Should we be happy about gas?



The stock market is not joining in our celebration of lower gas prices; in fact, brokers are appalled.
However, stock brokers are not focusing on the general population. They are, of course, focusing on big business energy firms whose stock shares have plummeted.

Many companies are experiencing layoffs, spending cuts and a decline in use of oil rigs. So what, right? The big man can take a hit. What does it really matter to us?

The problem is that this not only affects the oil companies, but the people working for them as well. Thousands of people have been put out of their jobs. This is a problem because nearly a million US workers are currently employed by the oil industry, but with this trend how many will still have jobs?

Although it seems that the negative impacts are much steeper than anything positive, that is not the case. I believe that the winners outweigh the losers in this situation. The main, and only, losers here are the oil industry and its employees.

Even though people might be getting laid off, the drop in oil prices is adding to the growth of open jobs in other markets.

With more money, people are investing their money in other things, which leads to a stronger demand that may require businesses to open more jobs.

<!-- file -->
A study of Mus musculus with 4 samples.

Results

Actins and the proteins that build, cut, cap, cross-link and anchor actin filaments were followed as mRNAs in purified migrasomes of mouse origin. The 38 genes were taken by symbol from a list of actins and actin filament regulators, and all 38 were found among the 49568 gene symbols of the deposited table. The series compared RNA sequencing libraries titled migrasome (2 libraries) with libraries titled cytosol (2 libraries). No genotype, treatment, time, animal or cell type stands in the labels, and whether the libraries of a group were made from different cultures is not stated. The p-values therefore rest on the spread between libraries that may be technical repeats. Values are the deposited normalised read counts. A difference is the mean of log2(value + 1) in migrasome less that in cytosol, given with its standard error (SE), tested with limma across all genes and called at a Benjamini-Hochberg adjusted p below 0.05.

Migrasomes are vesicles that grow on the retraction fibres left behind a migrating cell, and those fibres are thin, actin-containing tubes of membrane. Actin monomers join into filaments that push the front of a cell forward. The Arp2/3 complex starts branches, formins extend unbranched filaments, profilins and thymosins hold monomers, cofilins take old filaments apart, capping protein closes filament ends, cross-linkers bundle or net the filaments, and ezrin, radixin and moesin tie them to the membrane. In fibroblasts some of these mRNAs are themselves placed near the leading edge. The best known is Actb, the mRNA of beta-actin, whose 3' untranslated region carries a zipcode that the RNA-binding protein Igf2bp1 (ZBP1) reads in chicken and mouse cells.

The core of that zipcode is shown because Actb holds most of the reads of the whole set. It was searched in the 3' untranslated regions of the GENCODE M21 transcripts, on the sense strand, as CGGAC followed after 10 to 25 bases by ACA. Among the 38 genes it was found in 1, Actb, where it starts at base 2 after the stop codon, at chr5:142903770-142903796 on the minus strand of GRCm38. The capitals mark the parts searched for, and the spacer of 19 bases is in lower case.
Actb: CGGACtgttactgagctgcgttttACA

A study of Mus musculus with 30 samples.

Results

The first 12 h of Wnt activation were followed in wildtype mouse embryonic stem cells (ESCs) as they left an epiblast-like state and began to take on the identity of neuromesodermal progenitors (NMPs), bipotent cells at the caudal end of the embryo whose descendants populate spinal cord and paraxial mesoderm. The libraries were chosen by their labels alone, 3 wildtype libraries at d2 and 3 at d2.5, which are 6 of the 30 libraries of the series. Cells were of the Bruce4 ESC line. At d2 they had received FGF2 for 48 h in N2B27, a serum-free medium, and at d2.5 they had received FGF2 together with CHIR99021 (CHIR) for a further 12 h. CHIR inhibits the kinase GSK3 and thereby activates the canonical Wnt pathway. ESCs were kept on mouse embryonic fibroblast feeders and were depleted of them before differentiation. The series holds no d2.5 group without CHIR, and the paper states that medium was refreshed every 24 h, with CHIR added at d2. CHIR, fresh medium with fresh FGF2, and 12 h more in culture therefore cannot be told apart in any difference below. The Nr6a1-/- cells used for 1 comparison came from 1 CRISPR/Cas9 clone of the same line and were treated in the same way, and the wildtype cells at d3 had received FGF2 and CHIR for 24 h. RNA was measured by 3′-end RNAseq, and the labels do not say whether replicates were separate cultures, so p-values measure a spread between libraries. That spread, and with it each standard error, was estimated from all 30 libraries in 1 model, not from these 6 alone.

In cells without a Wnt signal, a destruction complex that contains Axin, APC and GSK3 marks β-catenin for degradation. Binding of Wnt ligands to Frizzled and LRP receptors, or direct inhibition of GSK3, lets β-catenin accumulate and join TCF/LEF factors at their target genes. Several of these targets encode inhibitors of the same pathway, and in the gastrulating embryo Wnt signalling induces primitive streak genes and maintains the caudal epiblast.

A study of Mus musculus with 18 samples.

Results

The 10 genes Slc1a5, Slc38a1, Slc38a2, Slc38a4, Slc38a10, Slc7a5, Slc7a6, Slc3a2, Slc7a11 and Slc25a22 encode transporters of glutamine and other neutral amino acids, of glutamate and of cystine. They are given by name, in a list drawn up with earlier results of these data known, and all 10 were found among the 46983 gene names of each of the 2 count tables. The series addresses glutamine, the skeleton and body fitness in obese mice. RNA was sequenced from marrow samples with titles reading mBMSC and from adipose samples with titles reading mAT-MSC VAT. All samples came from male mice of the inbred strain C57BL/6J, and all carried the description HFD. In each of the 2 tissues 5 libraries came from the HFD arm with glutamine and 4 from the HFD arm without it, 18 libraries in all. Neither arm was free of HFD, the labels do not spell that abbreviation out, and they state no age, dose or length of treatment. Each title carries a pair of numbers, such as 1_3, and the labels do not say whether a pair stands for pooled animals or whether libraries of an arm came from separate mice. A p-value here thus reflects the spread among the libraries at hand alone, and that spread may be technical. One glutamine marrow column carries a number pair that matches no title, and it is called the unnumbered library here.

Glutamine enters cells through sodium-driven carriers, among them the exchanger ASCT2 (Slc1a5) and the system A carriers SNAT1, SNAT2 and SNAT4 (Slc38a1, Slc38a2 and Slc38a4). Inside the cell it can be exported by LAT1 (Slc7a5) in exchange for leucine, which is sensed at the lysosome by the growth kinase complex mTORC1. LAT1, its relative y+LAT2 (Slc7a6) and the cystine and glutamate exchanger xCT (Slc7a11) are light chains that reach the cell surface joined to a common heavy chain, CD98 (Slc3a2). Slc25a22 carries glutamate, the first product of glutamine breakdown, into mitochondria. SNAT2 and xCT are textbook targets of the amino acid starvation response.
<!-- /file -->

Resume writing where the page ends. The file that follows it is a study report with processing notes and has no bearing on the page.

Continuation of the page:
The New York Times reported that the average American household is saving $750 annually with the drop in prices, and people who depend on heating oil and propane for their homes are projected to save another $750.
For students, it means we can have a little more pocket cash for things like paying off bills, a night on the town, going to the movies with friends, and dining out.

The price drop benefits many working-class people, retirees, and it seems to disproportionately help lower-income groups. However, businesses are being affected in a positive way as well.

The New York Times states that the auto industry is projected to reach sales of 17 million this year; sales have not been that high since 2005.

This increase in auto sales will lead to a boost in manufacturing jobs.

Although there are some negative consequences to the sudden drop in oil pricing, the positive outweighs and counteracts many of them.

So, next time you’re at the pump, rejoice all you want and revel in it while it lasts.